The essential cognitive skill behind the application of swordsmanship is to see what is really there, not what you think is there. This is a profound and difficult skill to master, as we are all subject to all sorts of cognitive illusions and biases. Daniel Kahneman’s Thinking, Fast and Slow is perhaps the best single resource on the subject.
For us, in practice, we have to pay attention to what the opponent is doing, all the time- but refrain from telling ourselves stories about what we see. “His sword is coming towards me” is meaningful. But “he is attacking” is not: it prevents us from realising his action may be a feint. Ascribing motives to his motions is to be avoided. Likewise, we must not tell ourselves stories about what we are doing. “I am parrying that attack” is a lie. Because you don’t know whether the parry will work, or whether the attack is real, or anything. “I am moving to intercept his motion” is better, because the movement is real, and its intention is clear, and if the interception fails to occur, there is nothing in that statement to prevent the motion changing to find his weapon.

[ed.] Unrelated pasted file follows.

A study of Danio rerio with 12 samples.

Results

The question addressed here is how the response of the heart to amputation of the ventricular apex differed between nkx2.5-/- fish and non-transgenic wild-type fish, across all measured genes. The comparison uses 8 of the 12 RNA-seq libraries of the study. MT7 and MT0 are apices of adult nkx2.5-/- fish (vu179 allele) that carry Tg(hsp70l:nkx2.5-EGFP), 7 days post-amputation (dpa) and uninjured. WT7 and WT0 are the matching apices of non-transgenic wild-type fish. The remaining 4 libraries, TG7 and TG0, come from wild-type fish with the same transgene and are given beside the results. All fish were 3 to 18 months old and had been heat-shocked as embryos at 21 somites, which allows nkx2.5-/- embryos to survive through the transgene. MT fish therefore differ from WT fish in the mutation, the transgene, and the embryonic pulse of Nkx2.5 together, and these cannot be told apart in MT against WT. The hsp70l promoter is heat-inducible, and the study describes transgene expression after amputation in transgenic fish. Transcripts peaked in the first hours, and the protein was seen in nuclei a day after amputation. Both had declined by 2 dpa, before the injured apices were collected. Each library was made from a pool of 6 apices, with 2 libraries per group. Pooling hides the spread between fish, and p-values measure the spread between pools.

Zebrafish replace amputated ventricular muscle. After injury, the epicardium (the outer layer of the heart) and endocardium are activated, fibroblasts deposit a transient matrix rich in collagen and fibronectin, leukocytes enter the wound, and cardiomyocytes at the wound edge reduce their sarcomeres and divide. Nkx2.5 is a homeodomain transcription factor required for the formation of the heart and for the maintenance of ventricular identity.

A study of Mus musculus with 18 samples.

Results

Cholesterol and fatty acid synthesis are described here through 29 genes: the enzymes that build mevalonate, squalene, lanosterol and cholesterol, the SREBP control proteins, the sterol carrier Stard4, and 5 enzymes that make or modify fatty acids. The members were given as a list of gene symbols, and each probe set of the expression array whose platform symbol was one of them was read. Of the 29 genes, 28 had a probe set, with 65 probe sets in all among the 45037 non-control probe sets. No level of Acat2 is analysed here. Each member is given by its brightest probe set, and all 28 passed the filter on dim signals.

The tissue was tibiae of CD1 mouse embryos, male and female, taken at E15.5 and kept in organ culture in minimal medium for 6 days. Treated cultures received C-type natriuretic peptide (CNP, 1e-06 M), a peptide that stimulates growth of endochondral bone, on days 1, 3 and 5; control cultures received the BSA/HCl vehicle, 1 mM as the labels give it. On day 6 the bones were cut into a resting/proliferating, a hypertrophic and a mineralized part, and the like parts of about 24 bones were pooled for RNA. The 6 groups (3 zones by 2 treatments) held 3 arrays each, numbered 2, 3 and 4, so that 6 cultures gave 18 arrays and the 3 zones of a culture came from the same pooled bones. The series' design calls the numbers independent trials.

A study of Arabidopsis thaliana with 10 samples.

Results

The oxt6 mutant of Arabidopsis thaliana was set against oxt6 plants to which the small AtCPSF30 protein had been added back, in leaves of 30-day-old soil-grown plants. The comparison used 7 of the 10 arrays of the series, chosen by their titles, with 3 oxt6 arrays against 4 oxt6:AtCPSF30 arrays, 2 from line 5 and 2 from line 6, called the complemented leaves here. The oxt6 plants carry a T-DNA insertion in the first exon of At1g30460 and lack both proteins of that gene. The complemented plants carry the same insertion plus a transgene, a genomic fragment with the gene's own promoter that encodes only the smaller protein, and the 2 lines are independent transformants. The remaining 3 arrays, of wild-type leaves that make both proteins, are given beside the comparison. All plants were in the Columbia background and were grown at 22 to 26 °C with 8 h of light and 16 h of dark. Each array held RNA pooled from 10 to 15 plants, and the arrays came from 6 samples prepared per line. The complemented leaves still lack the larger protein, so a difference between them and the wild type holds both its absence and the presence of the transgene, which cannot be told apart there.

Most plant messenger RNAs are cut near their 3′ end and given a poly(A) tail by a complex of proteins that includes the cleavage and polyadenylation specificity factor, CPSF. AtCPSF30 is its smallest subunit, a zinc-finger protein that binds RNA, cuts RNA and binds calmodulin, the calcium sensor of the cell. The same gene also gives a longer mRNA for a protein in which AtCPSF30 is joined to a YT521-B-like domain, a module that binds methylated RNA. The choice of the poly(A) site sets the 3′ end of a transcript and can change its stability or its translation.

If we are telling ourselves a story, and the action changes, rewriting the story to fit the new data is hard. So we tend to ignore the data that doesn’t fit- we prioritise the story over the facts. This is normal. But will get you hit. I don’t think we can truly prevent the story-writing process, but we can cast the story in terms that permit endless easy rewrites as the situation changes.
Of course, the fight happens faster than conscious thought can keep up. Which makes story-telling that much worse, as the data is not just incomplete, it’s out of date. Better then to give yourself a set of instructions that fit the goals of the bout, such as “control his sword and hit him”, and let your training do all the hard work of actually issuing specific commands to the sword.
My own solution to the distractions of the conscious mind when fencing is I quietly sing a little song to myself. That keeps my conscious story-telling mind gently occupied, leaving my adaptive unconscious relatively unfettered, and able to see what is happening. It also freaks the hell out of my opponent if they get close enough to hear it. A win-win situation.